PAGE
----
Konica Minolta Dynax 7D
- Innovative and intuitive control setup, large LCD screen, built-in anti-shake technology
- Low battery life, image quality lacking in several situations
The Minolta 7D offers a profusion of manual controls and an innovative anti-shake feature, but its image quality was sub-par.
Price$ 1,999.00 (AUD)
Custom settings can be assigned to three positions on the exposure mode dial, so they can be switched between quickly. Other cameras allow settings to be saved, but usually requires on-screen menu navigation to access saved settings; putting them on the exposure mode dial makes them much easier to access.
In our tests, the Maxxum 7D produced images with accurate and bright colours when using a custom white balance and manually adjusted exposure setting, and its test shot taken with the built-in flash scored very high. However, the indoor test shot taken without flash did not produce results as good.
All the 7D's images looked a little soft. However, although the 7D began to show noise when we increased the ISO to its maximum of 1600, this noise was much less noticeable than that of produced by many other cameras, and was visible only as a mild mottled pattern in areas of flat colour.
The 7D has built-in anti-shake technology, which lets the camera compensate for minor movements while you're taking a picture. Some high-end lenses for other cameras include optical stabilisation (where an element inside the lens moves); the 7D instead moves the CCD sensor into the camera body to compensate for movement. We found the feature to be reasonably effective: although it can't compensate for major movements, it did overcome the slight blurring that can be caused by shaky hands or long lenses. It was less effective in low-light situations that require a longer exposure. A visual indicator shows up in the viewfinder when the camera thinks that antishaking won't work.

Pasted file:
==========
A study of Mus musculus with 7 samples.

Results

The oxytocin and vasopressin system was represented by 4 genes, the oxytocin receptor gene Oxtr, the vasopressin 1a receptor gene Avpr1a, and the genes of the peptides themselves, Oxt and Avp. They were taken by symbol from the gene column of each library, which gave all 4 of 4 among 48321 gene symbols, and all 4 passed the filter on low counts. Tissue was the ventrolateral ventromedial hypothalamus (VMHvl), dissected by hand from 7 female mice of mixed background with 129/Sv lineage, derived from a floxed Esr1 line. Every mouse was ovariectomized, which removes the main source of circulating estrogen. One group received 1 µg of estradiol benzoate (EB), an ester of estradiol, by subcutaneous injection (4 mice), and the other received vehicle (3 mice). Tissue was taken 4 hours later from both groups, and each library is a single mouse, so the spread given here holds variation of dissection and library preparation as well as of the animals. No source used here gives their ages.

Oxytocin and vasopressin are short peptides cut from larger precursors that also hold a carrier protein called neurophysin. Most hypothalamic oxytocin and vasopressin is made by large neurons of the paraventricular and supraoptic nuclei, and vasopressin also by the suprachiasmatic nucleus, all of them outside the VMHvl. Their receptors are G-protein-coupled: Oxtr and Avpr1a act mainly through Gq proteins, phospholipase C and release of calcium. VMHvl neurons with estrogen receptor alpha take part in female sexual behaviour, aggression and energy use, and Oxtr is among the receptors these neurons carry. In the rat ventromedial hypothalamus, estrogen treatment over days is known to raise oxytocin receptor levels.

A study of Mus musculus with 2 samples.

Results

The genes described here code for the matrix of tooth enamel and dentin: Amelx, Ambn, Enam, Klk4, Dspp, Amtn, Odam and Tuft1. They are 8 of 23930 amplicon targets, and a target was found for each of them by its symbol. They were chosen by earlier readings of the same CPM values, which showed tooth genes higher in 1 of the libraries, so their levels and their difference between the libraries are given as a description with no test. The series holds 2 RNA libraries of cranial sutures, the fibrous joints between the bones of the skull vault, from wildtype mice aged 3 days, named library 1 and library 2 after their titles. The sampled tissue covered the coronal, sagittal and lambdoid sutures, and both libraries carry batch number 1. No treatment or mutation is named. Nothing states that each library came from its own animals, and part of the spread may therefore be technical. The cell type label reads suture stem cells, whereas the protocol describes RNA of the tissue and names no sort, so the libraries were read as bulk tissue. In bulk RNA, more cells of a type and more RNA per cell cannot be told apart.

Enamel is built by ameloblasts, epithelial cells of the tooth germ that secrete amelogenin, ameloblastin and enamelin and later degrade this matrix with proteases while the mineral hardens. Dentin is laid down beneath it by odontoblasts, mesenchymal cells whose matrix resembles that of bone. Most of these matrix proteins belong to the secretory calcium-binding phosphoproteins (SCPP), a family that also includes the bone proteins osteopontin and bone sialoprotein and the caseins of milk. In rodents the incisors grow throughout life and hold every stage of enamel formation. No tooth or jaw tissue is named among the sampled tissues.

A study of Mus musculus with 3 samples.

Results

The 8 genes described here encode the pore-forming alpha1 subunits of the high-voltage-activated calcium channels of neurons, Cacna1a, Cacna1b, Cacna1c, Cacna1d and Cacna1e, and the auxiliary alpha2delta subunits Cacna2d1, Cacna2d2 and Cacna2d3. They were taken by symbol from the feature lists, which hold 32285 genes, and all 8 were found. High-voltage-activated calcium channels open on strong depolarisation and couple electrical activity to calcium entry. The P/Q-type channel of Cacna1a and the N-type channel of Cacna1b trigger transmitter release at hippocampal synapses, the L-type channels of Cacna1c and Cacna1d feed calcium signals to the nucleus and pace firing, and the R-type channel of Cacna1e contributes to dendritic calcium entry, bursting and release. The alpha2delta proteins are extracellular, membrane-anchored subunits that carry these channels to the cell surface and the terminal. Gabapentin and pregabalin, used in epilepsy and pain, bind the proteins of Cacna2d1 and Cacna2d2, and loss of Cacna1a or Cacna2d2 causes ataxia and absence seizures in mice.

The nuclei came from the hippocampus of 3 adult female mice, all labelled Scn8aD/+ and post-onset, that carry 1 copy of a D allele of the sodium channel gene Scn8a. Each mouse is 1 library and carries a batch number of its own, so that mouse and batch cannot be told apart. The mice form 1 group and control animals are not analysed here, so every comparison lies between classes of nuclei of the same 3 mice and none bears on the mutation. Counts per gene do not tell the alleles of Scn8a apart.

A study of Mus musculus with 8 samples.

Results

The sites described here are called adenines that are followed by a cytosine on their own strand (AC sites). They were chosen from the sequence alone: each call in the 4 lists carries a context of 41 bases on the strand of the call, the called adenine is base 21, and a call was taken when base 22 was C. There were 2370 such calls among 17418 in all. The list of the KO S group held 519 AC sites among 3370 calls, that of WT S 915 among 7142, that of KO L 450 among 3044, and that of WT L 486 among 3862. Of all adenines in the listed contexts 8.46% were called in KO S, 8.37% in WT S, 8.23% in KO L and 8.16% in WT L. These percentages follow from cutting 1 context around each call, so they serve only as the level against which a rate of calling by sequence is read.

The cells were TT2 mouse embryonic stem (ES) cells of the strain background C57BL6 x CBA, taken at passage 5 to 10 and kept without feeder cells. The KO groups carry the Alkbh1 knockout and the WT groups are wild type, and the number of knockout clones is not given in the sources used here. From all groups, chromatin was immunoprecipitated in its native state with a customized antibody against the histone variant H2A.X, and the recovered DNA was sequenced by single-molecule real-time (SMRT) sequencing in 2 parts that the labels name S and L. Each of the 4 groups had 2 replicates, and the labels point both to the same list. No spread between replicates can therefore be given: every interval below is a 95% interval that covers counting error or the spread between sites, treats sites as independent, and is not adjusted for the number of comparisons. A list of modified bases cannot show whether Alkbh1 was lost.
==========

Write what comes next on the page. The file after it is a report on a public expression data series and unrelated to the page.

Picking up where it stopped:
The auto ISO feature (where the camera picks the most appropriate ISO setting) is another rare addition. Again, we found it to be reasonably effective at picking an appropriate speed for most situations.
A good selection of lenses is available for the camera. However, the range is not as wide as what's available for Canon or Nikon cameras (or for some of the Fujifilm FinePix series, which use Nikon lenses). The kit we looked at included a 28mm to 100mm lens, but the body can also be purchased alone.
The camera is powered by a single 1500-milliampere-hour rechargeable battery, which lasted for 278 shots taken over a period of roughly 2.5 hours. That's probably enough for a good day's shooting, but it's significantly less than other SLRs we've tested.
We liked the large 2.5" LCD monitor on the 7D: it was bright and made previewing the pictures easy. There is no display on the top of the camera: information such as the shutter speed and aperture setting is shown on the LCD instead. One nice touch: the f readout automatically rotates when shooting in portrait mode, making it easier to read.